James, Castallet prevail in Copper Grand Prix final despite snowy conditions
COPPER MOUNTAIN — Inside the cozy confines of the Copper Mountain Resort Conference Center while a snowstorm continued to brew outside, Maddie Mastro put it perfectly in the post-competition press conference at Saturday’s Land Rover U.S. Grand Prix.
“It wasn’t my day, I guess,” the 2019 Burton U.S. Open champion said. “Mother Nature was a bit angry at me. That’s OK.”
What Mastro was referring to was the torrid, gusty snow squall that blew into the 22-foot Woodward Copper superpipe right before she was set to drop in for her third and final run. Sitting in third place, Mastro — the favorite heading into the competition — needed to improve her score to an 87.75 or better to top eventual women’s snowboard winner Queralt Castellet of Spain.
But the conditions Mastro was staring at through her goggles was blowing snow engulfing the 540-foot-long superpipe — so much snow that those at the bottom couldn’t see past halfway up the pipe and Mastro couldn’t see very far down it.
The event officials at Copper Mountain Resort moved the competition to a weather hold — as Bob Dylan’s “Blowin’ in the Wind” and The Doors’ “Riders on the Storm” played over the speaker system — until conditions improved. About 15 minutes later, though snow was still falling in clumps at Copper, the wind died down enough for officials to deem Mastro’s drop in to the pipe as safe. Mastro dropped into the pipe and attempted a trick on each wall of the pipe before calling it a day.
Mastro finished third behind Castellet and runner-up Jiayu Liu of China (80.00) to a large degree because she had the misfortune of dropping into the pipe when the wind and snow kicked up. It’s not normally the case the top qualifier for finals has a disadvantage by dropping in last, but it was the case Saturday.
“I was hoping to put down the run that I wanted,” Mastro said. “Obviously that didn’t happen, weather effected it. But I definitely had a run that I wanted to put down and tricks I wanted to do. But it wasn’t my day, I guess, for that.”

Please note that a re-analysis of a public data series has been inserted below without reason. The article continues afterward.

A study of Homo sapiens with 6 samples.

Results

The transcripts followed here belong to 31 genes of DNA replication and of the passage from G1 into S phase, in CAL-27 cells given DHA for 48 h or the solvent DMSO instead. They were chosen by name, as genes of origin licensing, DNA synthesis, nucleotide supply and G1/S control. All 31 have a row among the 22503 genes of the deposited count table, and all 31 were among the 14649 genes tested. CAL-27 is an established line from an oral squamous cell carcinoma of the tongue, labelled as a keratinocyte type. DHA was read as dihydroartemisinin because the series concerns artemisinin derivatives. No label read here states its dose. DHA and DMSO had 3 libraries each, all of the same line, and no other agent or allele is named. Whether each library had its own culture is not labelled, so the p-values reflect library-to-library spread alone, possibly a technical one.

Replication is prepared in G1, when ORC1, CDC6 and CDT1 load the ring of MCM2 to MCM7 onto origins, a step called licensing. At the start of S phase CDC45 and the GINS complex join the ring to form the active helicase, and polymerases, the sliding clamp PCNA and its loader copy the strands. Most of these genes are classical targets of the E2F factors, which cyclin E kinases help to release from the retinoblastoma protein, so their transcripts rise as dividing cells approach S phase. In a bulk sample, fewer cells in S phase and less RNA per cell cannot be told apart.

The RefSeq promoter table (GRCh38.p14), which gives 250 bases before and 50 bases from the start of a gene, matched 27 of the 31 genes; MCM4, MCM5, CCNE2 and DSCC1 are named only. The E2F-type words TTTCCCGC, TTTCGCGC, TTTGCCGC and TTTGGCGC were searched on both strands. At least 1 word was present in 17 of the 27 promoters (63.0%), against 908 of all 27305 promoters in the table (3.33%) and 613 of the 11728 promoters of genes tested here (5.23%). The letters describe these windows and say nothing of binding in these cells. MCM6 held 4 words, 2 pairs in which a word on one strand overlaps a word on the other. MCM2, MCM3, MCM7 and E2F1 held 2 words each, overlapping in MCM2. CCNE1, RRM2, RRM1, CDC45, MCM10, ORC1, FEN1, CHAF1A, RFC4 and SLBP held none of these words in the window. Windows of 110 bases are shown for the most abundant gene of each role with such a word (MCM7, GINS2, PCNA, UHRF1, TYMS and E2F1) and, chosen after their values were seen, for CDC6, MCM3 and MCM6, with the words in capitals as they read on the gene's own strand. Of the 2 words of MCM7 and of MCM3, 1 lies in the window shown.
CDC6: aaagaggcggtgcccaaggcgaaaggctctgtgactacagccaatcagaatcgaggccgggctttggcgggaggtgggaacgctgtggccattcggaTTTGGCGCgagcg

Castellet won the women’s competition with a five-hit run through the pipe that featured a backside air, a frontside 900 (three 360-degree rotations) with a Lien grab, a backside 540 with a mute grab, a frontside 360 with an Indy grab and a cab 720. Mastro’s third-place run, which took place earlier in the competition, included a backside air, a Crippler 540 with an Indy grab, a backside 540 with a mute grab, a frontside 720 with an Indy grab, a Haakon 720 with a stalefish grab and a frontside 540 with a melon grab.
Weather also effected the men’s competition, particularly the third and final round of runs for the 10 competitors through the pipe. Before the weather really socked in though, the heavy favorite, Scotty James of Australia, capped a thrilling first round of runs with his eventual championship score of 96.00. The run consisted of a frontside double cork 1080 with a stalefish grab, a cab 900 with a melon grab, a switch backside double cork 1080 with an Indy grab, a backside 1260 with a mute grab and a frontside double cork 1260 with a stalefish grab.
On that final 1260 at the bottom of the pipe, James was able to keep his balance and ride the landing out despite landing deep on the back of his board. In the post-event press conference, James said before the competition he thought the weather would be inclement through each of his three runs. As such, the strategy was to go for his biggest and boldest run out of the gates rather than wait to see what the other competitors were landing. When the weather wasn’t that bad for his first drop-in, he knew what he needed to do.
“I definitely did take the opportunity because the weather was nicer for the first run,” James said. “That was good that everyone got to put a run down. And, yeah, that was the run I wanted to do whether it was snowing a blizzard or sunny. I was really happy that I got to put it down.”
Not every competitor put down their best run on Saturday. The top-scoring American, Toby Miller of Mammoth Lakes, California, scored an 87.75 on his first run. That eventually placed him fourth but also put him in contention after the first round of runs. On his second and third runs through the worsening conditions, Miller opted for safety, choosing not to huck big tricks.
“That today — I must admit,” James said, “there was definitely a point there where I thought it was starting to get unsafe. And it would have been on the third runs when people were riding, it might have been better to pull the pin, but it is what it is.”
Before James dropped in for his victory lap, he had one snowboarder to dodge: eventual runner-up Yuto Totsuka of Japan. On the second round of runs, Totsuka showed he wasn’t scared of the gradually worsening conditions, going big to see if he could best James.
Despite the conditions on his third run, Totsuka said he dropped in with the intention of laying down a run to beat James. At the top of the pipe he bested the conditions and landed a 1260, but on his second hit he lost speed in the pipe’s flat bottom and pulled up and resorted to a 360, signaling he was waving the white flag to James.
Totsuka’s best run of the day ended up being his first: a 94.50-point run that included a frontside double cork 1440 with an Indy grab, a cab 1080 with a nose grab, a frontside double cork 1260 with an Indy grab, a backside 900 with a mute grab, and a frontside 1080 with a tail grab.
James then proceeded to take one hit on his victory lap before riding up onto the top of the halfpipe sidewall where a few intrepid fans remained. Their reward was a high-5 from the man who picked up his seventh win in seven contests.
Chase Blackwell of Dillon finished in ninth place with a score of 70.50.